Employers should proactively consider recently announced updates to Singapore’s employee retirement and re-employment age, and employment pass (EP) salary thresholds, to minimise potential disruptions to their day-to-day operations when the changes take effect, an employment law expert has said.

Among the changes announced was an increase to the statutory retirement age in Singapore which, from 2026 onwards, will be 64 years of age. Raising the retirement age by one year, this update is part of the government’s move to gradually increase the retirement age for employees to 65 years of age by the year 2030.

The government also announced that the re-employment age, which is the age up to which employers are required to offer employees re-employment, would be raised to 69 years of age from 2026 onwards. The government intends to eventually raise the re-employment age to 70 years of age by 2030. All employees who are either citizens or permanent residents of Singapore, with satisfactory work records and are medically fit to work, are eligible for re-employment.

The government first announced its intention to raise both the retirement and re-employment age in 2019. At the time, Singapore’s retirement age was 62 and its re-employment age was 67.

Another recently announced change set to take effect in Singapore is an increase to the EP salary thresholds. From 2025, the minimum qualifying monthly salary for an EP – the work pass for foreign professionals, managers and executives in Singapore – will be raised to S$5600 (US$4202) from the current threshold of S$5000. For those working in financial services, the salary threshold will be increased from S$5500 to S$6200.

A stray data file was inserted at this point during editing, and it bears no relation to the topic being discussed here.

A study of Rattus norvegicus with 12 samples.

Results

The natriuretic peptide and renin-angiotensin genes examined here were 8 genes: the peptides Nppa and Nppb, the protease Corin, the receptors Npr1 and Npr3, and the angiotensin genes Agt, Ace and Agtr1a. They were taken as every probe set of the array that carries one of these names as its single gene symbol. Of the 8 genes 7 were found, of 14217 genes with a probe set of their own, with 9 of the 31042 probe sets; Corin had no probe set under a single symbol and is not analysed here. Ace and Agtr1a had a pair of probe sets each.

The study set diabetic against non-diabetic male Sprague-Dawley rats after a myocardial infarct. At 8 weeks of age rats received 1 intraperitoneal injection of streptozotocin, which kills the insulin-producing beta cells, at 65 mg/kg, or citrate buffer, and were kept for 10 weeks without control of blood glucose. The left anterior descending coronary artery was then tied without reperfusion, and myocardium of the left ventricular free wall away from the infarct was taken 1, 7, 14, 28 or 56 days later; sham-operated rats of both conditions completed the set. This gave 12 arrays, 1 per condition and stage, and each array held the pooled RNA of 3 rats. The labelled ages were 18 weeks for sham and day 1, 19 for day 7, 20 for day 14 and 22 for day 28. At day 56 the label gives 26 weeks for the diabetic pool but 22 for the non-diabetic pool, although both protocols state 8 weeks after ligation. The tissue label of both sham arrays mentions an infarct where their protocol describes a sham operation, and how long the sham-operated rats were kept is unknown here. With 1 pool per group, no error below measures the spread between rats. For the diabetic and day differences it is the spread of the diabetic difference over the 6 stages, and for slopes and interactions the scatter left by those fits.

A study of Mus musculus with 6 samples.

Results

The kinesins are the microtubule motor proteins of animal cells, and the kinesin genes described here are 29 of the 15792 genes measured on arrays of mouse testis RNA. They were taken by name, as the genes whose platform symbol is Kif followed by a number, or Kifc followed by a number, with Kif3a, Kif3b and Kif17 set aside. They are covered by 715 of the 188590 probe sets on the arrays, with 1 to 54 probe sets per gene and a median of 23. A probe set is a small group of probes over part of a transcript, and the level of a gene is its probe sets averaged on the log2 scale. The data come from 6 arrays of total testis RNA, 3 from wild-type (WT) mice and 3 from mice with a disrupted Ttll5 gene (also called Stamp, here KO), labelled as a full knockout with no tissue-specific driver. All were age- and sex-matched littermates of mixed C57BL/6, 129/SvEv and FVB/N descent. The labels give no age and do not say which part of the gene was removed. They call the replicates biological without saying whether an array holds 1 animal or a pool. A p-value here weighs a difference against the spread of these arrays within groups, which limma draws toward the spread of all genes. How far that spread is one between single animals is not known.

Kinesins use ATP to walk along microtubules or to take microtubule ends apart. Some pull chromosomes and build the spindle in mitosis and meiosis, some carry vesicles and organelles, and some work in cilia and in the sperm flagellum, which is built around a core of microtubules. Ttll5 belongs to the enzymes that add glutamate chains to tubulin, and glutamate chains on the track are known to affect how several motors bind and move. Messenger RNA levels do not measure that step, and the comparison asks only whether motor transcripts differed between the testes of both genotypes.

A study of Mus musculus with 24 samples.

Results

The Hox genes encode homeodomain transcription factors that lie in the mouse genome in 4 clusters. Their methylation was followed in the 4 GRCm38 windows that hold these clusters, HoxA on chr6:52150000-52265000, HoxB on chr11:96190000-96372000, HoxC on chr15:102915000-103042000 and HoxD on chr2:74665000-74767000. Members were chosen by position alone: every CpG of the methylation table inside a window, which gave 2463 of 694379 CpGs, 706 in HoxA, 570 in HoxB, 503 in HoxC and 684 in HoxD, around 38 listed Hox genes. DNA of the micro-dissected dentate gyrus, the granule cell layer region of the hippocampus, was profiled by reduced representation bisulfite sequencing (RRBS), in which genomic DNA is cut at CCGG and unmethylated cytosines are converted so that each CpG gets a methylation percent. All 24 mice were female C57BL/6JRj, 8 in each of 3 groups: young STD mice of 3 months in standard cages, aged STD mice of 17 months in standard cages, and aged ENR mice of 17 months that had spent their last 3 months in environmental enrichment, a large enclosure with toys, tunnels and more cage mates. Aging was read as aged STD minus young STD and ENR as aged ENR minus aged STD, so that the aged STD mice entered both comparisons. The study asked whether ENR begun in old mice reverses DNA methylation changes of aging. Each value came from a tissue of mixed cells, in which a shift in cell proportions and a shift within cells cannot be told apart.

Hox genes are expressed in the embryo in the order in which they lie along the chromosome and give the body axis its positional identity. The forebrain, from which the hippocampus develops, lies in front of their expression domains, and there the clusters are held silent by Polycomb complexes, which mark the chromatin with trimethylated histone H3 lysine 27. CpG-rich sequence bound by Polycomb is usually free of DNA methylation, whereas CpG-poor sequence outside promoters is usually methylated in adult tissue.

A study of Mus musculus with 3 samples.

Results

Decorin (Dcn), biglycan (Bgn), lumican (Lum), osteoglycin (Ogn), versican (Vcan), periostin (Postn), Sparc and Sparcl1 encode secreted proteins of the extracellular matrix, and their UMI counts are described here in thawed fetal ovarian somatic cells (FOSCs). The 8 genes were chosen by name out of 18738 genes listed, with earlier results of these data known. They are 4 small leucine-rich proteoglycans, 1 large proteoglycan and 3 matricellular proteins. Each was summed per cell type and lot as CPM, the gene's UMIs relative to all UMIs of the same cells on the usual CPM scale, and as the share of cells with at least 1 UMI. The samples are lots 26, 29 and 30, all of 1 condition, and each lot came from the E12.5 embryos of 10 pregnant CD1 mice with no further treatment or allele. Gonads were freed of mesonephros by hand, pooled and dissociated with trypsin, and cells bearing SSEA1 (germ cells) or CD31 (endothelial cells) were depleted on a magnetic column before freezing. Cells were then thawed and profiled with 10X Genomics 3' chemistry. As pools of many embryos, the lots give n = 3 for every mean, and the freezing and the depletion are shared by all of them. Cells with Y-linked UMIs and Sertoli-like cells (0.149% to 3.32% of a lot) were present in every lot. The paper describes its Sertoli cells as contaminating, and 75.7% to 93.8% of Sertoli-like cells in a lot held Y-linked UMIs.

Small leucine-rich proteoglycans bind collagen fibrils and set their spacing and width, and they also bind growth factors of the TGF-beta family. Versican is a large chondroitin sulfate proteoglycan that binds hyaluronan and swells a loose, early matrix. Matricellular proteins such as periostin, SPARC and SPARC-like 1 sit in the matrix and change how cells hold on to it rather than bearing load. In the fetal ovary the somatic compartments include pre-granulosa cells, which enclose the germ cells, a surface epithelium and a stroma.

For candidates in their mid-40s, the minimum qualifying salary threshold will increase to S$10,700, with the salary threshold for candidates in the same age group and working in financial services increasing to S$11,800.

Mayumi Soh of Pinsent Masons MPillay, the Singapore joint law venture between MPillay and Pinsent Masons, said employers should begin taking proactive steps to prepare for the expected changes, to minimise any potential disruption to their operations.

“As a first step, employers should review the current composition of their workforces to understand how many employees will be impacted by the changes, as this will help employers to have a better understanding of the impact of these changes on their workforce,” Soh said.